Before and just after 1900, medicine fought often-losing battles against infectious diseases that ravaged populations. The victims died young of virulent conditions that afflicted men and women impartially. Medicine had neither the luxury nor the justification for dealing with biological and therapeutic distinctions between men and women. Eventually, however, the conquest of yellow fever, cholera, typhus, smallpox, malaria, and other scourges made it possible for medicine to focus on areas extraneous to infectious disease, concomitant with a greatly increased store of knowledge and more sophisticated research techniques to bring to their study. More advanced science uncovered increasing evidence that different human groups are biologically distinct, have different disease patterns, and respond to diseases and treatments differently. The image of humans and disease began to shift from a unified model of “the human being” to a more nuanced one of various overlayered human groups. Increasing knowledge and related shifts in scientific techniques changed the focus further—today, in the light of the human genome project and the medical future it opens, it is clearer than ever before that individuals are distinguished by highly specific, even unique, predispositions relevant to their health and to the diagnosis and treatment of diseases. Biomedicine is moving toward a highly individual model.
We are only on the edge of the world that genomic medicine will create, but the medical world has firmly established the differences between groups. We recognize myriad group characteristics directly relevant to medical care. Some, such as the distinctions among blood groups, are old news; others, such as the other compatibility factors vital in organ transplantation, have more recently become apparent. We have learned that some racial or ethnic groups are prediposed to certain inherited diseases. We understand the genetic mathematics operating in families with hereditary diseases such as cystic fibrosis and Huntington's chorea.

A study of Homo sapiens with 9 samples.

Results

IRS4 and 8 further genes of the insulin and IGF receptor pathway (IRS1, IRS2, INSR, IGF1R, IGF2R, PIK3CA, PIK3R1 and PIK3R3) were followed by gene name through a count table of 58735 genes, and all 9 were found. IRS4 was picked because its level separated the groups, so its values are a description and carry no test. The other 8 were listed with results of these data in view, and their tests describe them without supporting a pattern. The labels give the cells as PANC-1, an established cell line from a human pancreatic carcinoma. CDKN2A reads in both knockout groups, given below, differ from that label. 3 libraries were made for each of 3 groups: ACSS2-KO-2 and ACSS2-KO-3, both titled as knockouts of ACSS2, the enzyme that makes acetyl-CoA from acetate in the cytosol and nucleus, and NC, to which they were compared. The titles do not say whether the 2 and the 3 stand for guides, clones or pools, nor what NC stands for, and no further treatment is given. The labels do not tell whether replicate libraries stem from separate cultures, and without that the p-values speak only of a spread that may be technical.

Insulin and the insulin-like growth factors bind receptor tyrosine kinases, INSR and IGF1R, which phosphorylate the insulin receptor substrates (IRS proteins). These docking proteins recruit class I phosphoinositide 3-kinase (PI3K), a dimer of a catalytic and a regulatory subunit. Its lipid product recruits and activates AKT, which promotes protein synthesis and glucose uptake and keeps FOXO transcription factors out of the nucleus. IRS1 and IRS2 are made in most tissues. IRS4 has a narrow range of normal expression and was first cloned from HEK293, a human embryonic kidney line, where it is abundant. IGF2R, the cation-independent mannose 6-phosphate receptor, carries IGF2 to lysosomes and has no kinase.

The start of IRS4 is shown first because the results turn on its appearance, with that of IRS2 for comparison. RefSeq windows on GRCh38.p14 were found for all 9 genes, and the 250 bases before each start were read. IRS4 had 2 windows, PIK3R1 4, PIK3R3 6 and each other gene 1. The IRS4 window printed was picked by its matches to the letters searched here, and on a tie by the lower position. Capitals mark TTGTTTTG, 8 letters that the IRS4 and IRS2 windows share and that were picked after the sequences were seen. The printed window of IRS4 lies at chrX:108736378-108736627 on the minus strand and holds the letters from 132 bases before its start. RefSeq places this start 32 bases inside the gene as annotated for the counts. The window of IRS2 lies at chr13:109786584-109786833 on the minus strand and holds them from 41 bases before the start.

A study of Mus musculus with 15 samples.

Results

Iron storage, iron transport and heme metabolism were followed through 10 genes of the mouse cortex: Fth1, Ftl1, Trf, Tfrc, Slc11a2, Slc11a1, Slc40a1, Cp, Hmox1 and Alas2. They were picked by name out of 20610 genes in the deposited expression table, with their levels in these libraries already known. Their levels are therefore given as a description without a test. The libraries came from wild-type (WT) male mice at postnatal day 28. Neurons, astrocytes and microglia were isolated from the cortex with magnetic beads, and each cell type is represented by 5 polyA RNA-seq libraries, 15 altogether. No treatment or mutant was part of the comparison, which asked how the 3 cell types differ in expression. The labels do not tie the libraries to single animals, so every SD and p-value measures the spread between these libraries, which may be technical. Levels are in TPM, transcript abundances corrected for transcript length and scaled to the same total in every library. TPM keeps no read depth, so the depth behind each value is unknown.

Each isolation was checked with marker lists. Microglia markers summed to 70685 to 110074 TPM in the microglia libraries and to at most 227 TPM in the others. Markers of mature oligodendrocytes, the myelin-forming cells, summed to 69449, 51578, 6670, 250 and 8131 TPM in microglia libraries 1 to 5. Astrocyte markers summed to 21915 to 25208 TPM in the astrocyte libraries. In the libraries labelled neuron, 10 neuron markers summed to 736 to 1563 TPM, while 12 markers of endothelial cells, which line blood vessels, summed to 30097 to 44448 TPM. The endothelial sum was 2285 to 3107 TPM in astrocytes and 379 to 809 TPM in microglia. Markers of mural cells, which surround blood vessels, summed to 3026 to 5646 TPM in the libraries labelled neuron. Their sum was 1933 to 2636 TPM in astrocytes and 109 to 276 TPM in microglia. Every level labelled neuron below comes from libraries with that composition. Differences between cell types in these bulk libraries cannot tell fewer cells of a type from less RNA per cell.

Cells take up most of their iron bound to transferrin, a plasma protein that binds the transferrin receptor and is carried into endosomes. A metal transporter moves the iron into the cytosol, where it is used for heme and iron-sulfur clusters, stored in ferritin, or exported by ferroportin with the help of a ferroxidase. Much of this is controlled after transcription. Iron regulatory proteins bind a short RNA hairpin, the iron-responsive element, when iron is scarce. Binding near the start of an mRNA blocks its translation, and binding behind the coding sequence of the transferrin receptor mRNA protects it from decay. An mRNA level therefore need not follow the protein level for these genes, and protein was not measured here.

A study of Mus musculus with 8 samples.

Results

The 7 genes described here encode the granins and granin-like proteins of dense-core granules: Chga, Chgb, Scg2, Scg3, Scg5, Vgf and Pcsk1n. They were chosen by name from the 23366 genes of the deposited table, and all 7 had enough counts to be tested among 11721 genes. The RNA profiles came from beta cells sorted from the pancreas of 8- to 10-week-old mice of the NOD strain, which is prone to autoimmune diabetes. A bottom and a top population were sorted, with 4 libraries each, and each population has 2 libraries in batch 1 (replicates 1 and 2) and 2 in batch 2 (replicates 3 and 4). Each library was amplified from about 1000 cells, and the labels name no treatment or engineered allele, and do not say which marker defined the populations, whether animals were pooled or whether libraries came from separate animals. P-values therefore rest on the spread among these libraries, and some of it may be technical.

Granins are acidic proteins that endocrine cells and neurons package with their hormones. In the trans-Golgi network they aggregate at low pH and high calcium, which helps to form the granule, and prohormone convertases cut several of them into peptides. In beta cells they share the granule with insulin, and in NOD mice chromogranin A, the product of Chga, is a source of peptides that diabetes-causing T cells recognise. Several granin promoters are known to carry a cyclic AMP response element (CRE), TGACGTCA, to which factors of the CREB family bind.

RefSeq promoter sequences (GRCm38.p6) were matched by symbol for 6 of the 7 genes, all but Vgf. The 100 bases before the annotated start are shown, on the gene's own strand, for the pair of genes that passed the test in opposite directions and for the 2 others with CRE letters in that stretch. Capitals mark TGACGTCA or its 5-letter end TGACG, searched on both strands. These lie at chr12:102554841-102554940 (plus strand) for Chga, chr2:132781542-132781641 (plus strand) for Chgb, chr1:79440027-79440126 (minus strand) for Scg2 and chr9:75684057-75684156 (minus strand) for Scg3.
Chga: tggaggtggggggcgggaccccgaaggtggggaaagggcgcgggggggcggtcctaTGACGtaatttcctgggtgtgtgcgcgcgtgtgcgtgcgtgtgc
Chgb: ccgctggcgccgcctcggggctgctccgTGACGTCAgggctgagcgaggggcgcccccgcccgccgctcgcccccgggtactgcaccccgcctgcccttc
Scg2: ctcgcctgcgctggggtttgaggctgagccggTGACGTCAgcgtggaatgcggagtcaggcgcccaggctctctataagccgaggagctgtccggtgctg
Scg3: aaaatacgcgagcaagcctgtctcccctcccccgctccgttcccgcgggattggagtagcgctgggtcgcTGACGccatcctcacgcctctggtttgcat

Of course, the most fundamental division in the species is between male and female, and we are beginning to learn the ways in which disease processes, symptoms, and responses to therapeutic modalities do, and do not, differ between men and women. Research continues to find enough differences to make it imperative that the question of such difference be raised for all processes and interventions, including those not specifically related to the reproductive system. Only in that way can the differences be “charted” and made part of physicians' normal medical knowledge. Beyond the physiologic distinctions lie the equally important but often more difficult psychosocial differences between men and women that affect history taking, patient education, and the doctor—patient relationship as a whole.
The authors of the articles in this theme issue do not shy away from the difficulties of presenting sex-difference education in the curriculum. Ultimately, it is a question of taking a wider, not a narrower, view of medicine. The issue is not merely women's health, although integrating the health and illness of women across the whole medical curriculum is certainly important in its own right. Current concerns about women's health in the curriculum point directly to the larger changes in our medical understanding of the human species. The focus on women's health in this collection is not yet another call to be given part of the educational turf. Rather, it is to propose that the challenges posed by women's health can be the catalyst for new ways of conceptualizing and constructing the medical curriculum as biology and culture teach us increasingly of our true similarities and differences.